Eco hotels are not just an increasing travel trend. They are quickly becoming a priority for the hospitality leaders and hotel businesses around the world to protect and heal our home and what´s in it. According to the Cambridge Institute for Sustainability Leadership, tourism contributes about 5% of global greenhouse gas emissions, and they expect it to grow by 130% by 2035.

Aguas Claras hotel in Costa Rica

In the past five years, the global hotel industry has grown approximately 2.3%, said the IBIS World in 2018. At the current pace, more than 80,000 hotels will join it by 2050. The hospitality industry needs to find a way to grow, and at the same time reduce the sector’s carbon footprint and the negative impact a lot of times tourists leave in the places they visit. 

As the concern about sustainability grows, many travelers are now looking to stay in an eco hotel. Many hotels and resorts around the world are now adopting greener practices to not only satisfy customer demand, but also to save money in the long-term and support the local communities and the environment. According to Paula Vlamings, chief executive of Tourism Cares, “if big hotels can make small changes, the ripple can be huge”. Going green is not only good for the world, it´s also good for bringing in the hotel guests of today, that care about the environment and want to build a better world for the next generations. 

Cuixmala Sustainable Luxury Hotel in Mexico

The U.N. World Tourism Organization predicted that by 2020, there would be 1.6 billion eco-inspired trips taken. Sustainable practices are evolving from a nice complement or a trend, to a must-have priority for a growing number of environmentally conscious travelers. A study on millennial consumer behavior, conducted by The Nielsen Company, found that they will pay more for products and services from companies committed to positive social and environmental impact.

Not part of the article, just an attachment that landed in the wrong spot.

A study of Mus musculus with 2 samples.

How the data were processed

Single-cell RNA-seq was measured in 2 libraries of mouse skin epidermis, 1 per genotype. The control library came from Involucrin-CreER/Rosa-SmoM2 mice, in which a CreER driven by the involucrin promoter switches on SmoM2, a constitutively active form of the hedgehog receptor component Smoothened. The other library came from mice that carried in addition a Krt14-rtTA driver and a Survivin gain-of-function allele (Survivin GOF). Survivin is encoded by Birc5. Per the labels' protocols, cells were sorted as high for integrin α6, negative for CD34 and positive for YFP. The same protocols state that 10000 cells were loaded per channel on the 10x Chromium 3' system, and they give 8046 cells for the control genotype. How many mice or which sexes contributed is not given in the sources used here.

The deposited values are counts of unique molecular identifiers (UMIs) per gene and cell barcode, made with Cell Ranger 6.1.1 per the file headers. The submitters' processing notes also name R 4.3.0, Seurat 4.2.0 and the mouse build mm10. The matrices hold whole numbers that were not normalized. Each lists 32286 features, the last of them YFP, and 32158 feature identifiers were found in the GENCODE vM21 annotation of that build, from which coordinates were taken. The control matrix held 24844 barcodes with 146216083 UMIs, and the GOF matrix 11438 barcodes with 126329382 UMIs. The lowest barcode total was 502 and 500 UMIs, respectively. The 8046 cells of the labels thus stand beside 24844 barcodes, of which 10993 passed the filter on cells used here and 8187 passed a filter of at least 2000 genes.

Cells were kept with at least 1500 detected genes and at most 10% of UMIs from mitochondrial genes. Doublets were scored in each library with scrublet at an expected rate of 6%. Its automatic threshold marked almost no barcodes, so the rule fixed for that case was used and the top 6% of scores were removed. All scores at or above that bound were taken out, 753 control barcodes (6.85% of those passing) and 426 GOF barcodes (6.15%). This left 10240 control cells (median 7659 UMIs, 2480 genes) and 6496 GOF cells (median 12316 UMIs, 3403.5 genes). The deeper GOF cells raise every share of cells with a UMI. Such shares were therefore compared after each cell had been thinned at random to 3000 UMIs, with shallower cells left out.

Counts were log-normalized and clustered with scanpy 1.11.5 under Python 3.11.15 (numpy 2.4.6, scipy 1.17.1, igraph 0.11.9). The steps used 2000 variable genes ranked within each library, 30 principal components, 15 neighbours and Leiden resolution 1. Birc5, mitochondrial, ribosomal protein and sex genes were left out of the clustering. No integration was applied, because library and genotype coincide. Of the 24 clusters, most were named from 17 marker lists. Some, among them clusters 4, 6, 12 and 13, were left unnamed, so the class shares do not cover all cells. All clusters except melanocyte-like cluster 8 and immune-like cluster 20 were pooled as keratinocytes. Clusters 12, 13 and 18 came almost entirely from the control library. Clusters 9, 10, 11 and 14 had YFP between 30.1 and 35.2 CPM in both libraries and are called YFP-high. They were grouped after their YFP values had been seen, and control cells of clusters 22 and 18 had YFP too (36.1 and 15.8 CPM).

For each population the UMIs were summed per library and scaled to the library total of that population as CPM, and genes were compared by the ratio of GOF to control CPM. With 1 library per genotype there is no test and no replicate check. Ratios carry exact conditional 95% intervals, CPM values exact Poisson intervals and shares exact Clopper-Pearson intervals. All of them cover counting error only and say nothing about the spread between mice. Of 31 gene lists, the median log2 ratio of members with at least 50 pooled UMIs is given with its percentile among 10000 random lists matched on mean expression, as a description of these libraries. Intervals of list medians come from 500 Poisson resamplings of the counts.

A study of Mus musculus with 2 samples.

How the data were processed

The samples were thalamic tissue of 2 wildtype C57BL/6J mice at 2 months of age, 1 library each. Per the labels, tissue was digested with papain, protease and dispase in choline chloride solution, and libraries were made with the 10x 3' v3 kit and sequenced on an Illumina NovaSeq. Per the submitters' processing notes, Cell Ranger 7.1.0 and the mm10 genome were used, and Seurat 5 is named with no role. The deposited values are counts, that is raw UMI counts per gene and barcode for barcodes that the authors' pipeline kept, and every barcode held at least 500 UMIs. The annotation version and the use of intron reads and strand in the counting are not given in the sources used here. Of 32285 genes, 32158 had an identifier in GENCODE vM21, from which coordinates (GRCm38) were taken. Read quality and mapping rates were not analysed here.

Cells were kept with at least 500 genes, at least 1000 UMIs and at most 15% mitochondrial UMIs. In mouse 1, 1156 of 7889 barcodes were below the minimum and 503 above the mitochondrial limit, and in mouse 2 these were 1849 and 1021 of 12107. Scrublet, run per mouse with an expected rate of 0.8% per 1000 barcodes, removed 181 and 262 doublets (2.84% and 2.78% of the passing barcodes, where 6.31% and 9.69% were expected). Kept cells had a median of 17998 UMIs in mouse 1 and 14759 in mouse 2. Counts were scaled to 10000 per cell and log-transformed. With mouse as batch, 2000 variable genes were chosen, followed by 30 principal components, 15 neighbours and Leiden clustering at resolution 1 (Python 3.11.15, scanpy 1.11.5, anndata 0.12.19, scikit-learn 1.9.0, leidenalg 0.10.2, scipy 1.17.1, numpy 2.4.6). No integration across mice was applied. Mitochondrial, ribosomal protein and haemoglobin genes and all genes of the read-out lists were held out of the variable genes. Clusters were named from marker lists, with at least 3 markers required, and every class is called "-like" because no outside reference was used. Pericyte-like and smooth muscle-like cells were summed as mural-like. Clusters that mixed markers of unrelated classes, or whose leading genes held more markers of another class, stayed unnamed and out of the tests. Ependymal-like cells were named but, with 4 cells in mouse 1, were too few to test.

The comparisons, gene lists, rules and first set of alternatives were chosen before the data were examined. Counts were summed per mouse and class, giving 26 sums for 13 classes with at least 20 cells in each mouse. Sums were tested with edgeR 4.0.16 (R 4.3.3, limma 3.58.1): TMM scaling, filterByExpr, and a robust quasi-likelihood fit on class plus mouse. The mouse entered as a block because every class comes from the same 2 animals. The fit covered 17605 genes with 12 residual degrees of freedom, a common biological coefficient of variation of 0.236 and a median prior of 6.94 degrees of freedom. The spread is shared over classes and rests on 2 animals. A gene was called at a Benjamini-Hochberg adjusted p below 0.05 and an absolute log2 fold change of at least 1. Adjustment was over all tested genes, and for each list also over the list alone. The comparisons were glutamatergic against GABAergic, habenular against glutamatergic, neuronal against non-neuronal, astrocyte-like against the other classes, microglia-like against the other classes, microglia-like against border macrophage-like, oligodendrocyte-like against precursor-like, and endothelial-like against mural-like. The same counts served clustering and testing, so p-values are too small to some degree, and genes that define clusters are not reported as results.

For now, to harmonize all the criteria found in many green hotel certifications, and be recognized as an eco hotel the Global Sustainable Tourism Council (GSTC), the body that manages the global standards for sustainable travel and tourism, created The GSTC Industry Criteria and suggested some indicators for hotels in an effort to have a common understanding of sustainable tourism.

Find the full list of GSTC global standards for hotels here.

Isla Palenque, a luxury sustainable hotel in Panama

There is a lot of work to be done when we talk about sustainable tourism. Every effort the hotels around the world make of course counts, but there’s still a long way to go. Eco hotels of the world are not just following a trend, they are trying to help the environment and the communities around them. So the next time you travel take into consideration what your destination is doing to help the world.